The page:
W5942 TO [REV.] CALVIN MCQUESTEN from his mother, Mary Baker McQuesten
Aug 9 1907
To: Calvin McQuesten Milden Saskatchewan
My dearest Cal,
We received your card about the gloves on Monday morning and despatched at once by noon mail, hoping they would catch your mail from Regina. Then yesterday received yours of the 31st [?] and Edna your card of Saskatoon, she has decided not to teach there. Certainly the towns of the West are not alluring in appearance.
Tom was duly called to the Bar on the morning after convocation, but all the notice taken appeared in the "legal" news column, when several more mentioned (Greig among them) as presented to Sir Auritius Irving and duly sworn in. Then the Hamilton papers noticed that he had been called to the Bar, I have kept the papers. The Globe of Saturday June, 8th had it. But really after so many years of study they get very little notice poor things. The morning after Convocation I went down town. Now I think of it, it was
the same morning I was going to do some shopping and went round by Tom's office and met him tearing up to Osgoode with his gown and afterwards met Greig. Yes I saw the Class List. Really it does not do for me to think of it. Just to think of the various setbacks you have had. It was simply maddening, when you did so well in all those subjects.
It is sad to hear of your unsuccessful expedition for fruit. The fruit has been very scarce here, what we get is high priced, and so are the vegetables, the long cold spring and now the want of rain. New potatoes are only just coming at 40 cts. a peck, and the red
raspberries too dear to preserve, and if rain does not come the thimble berries will dry up too. The girls went picking berries yesterday but in two hours just got a strawberry basket full. Mrs. Thomson and Mrs. Joe [Thomson] came for a short time. They came to their house at Burlington on the 18th.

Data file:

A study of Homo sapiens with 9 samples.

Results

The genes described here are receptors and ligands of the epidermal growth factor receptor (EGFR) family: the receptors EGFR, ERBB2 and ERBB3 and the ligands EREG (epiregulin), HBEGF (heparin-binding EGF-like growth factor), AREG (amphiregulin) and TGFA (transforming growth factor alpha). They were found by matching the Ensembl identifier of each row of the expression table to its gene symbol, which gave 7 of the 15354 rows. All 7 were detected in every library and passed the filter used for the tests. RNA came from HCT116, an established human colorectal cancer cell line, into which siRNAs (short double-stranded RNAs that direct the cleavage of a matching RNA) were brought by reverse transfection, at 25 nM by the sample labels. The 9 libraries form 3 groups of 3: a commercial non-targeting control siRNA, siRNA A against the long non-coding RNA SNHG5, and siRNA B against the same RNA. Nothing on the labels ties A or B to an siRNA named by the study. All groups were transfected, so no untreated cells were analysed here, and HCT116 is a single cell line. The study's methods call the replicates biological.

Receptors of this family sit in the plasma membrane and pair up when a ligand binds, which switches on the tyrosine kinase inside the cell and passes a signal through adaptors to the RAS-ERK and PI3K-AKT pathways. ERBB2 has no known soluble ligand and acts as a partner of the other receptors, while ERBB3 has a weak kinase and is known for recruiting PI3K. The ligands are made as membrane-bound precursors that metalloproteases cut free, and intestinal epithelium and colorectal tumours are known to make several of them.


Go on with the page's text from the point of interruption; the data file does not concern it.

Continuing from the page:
I am thankful the cyclone did not come near you, they are fearful things. We hear that old Mrs. Ogg died at the City Hospital last Sunday and Mr. Ogg is there too, it will be a mercy if he soon goes too. Edna was so worked up about them that I wrote Mrs. Mullin to ask Heurner for particulars, as I knew he always attended and all he would vouchsafe to reply was that Mr. Ogg was in the hospital with ulcers on his legs, not another word. When Mrs. Thomson came yesterday she told me she had gone just before she left Hamilton, and she thought Mr. Ogg looked terribly but Mrs. Ogg looked pretty well, with quite a colour but Mrs. Ogg said it was the fever which was burning her up, but that disagreeable Heurner would tell nothing. However we had done all we could, Edna went in on purpose to see them July 2nd and took them fruit and cake and I wrote Osborne to send some necessaries, and Mrs. Walker had faithfully sent them butter.
Uncle Aleck and the Bard came to see us on Tuesday. Annie Fletcher is to be married in September and live in Winnipeg, it really gives one quite a shock to realize that the time has come for Edna's friends to be married. Hilda Fuller, we hear, to be married this month. It seems to me Annie need not be in such a hurry, but I know her mother always seemed to be in quite a hurry to have her married.
Edna is going off to Sparrow Lake on Monday, she is to go with Winnie Gartshore
from Toronto. It will be a fine change for her, she is getting much stronger. This place has been a fine resting place for us all. I am feeling much better myself after six weeks of feeling good for nothing. I did not mention it, because I knew it was simply the reaction after the long strain, brought to a climax by a very long walk. We were invited to the Patton's to tea, but brother was taken ill in the afternoon and could not drive1, so we had to walk and it proved too much for me, though I did not feel it so much at the time. However I had nothing to do but rest and will be in fine trim soon. Ruby is picking up rapidly too, and
Mary is very well indeed and Hilda too.
Dr. and Mrs. McNair are away on their holidays, called to see us before they went. The doctor always inquires for you I am so glad you have good congregations, it keeps you
encouraged. The weather here keeps very very cool almost too cool to enjoy sitting outside, but then it is fine for sleeping. I must send you the Westminsters and you need not keep them to bring back. We find a very congenial friend in Mrs. Balmer, she comes in often, otherwise we would have no one at all. Well, I must close, I pray that you may be kept safe and well, for evidently you cannot rely on medical help, out there. With much love from all.
Your loving mother
1 Mary relates an similar circumstance concerning the Patton family, in letter of June 29, 1907 (W5888).